The Kansas Board of Regents votes Wednesday on a plan that would raise tuition a minimum of 5 percent for resident undergraduate students at Kansas University in 1994-95.
Under the proposal, the tuition increase would be 9 percent for KU's in-state undergraduates if the 1994 Legislature raises state taxpayer support to regents' universities by at least 3 percent.
The extra tuition money would be used to improve faculty salaries, said Ray Hauke, the board's budget director.
"The goal is to focus additional revenue on the highest priority in the regents system, which is faculty salaries," Hauke said.
Regardless of the Legislature's budget decisions next session, the tuition increase for all KU non-resident undergraduates would be 13 percent. KU School of Medicine students would pay 8 percent more in tuition.
Meanwhile, graduate students at KU would begin paying tuition on a per-credit hour basis. The change would raise graduate tuition a maximum of 25 percent.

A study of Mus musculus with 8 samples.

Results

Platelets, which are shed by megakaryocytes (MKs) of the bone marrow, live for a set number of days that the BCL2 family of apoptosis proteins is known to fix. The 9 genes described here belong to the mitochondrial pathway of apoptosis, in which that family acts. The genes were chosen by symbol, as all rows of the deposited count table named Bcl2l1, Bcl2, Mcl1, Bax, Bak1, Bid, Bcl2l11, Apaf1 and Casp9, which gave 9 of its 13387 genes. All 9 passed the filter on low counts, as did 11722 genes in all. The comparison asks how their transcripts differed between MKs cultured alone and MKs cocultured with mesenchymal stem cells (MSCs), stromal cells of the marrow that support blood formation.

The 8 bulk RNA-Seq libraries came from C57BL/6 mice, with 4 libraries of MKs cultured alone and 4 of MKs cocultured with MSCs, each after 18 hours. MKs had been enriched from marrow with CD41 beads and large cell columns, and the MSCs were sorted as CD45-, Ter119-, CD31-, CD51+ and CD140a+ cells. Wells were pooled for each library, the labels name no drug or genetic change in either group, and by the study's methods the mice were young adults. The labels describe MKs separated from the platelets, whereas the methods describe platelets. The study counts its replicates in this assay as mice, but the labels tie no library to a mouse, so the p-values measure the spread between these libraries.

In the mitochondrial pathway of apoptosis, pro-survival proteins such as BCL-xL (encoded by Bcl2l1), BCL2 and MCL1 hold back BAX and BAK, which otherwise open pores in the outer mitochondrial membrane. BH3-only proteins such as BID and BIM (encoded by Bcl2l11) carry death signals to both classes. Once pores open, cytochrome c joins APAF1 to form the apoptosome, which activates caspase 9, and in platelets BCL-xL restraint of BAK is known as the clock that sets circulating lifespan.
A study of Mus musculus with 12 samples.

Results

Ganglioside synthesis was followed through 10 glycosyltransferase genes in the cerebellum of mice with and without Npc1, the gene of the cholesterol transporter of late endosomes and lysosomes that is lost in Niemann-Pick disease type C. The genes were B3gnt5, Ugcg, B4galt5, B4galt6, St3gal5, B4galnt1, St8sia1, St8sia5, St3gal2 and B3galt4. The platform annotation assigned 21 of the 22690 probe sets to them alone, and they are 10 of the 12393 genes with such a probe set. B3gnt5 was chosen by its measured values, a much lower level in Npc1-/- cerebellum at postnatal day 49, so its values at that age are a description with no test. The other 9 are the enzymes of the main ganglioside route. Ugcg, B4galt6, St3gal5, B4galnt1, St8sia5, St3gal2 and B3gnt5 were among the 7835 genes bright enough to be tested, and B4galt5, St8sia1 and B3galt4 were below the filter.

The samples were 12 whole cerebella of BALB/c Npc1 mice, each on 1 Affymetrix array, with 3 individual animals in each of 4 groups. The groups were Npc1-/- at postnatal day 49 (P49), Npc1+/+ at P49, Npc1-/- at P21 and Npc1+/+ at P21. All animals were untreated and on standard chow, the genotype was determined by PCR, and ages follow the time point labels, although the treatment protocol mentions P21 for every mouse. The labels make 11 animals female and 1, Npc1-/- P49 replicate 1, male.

Base tuition increases for other regents' universities would be 5 percent for resident undergraduate students at Kansas State and Wichita State and 3 percent at Emporia State, Pittsburg State and Fort Hays State.
If the Legislature comes through with the 3 percent increase in state general fund appropriations, the tuition hike for in-state undergraduates would be 9 percent at KSU and WSU and 5 percent at ESU, PSU and FHSU.
Non-resident undergraduate tuition at all regents' universities would be increased 13 percent.
The tuition package was developed by students, faculty and regents on the board's tuition and fees committee. It would generate $12.9 million in new tuition revenue.
Any increase imposed in 1994-95 would be added to a 10 percent tuition hike for KU's undergraduate students this fall semester.
The board's meeting begins at 1 p.m. in Topeka at the Security Benefit building, 700 S.W. Harrison, Suite 1410.
In other business, regents will discuss fiscal 1995 budget outlines presented by university chief executives. Chancellor Gene Budig will make the pitch for KU.
Regents also will consider a $100,000 management student of KU Medical Center. The project would examine the KU hospital, private practice foundations and academic programs.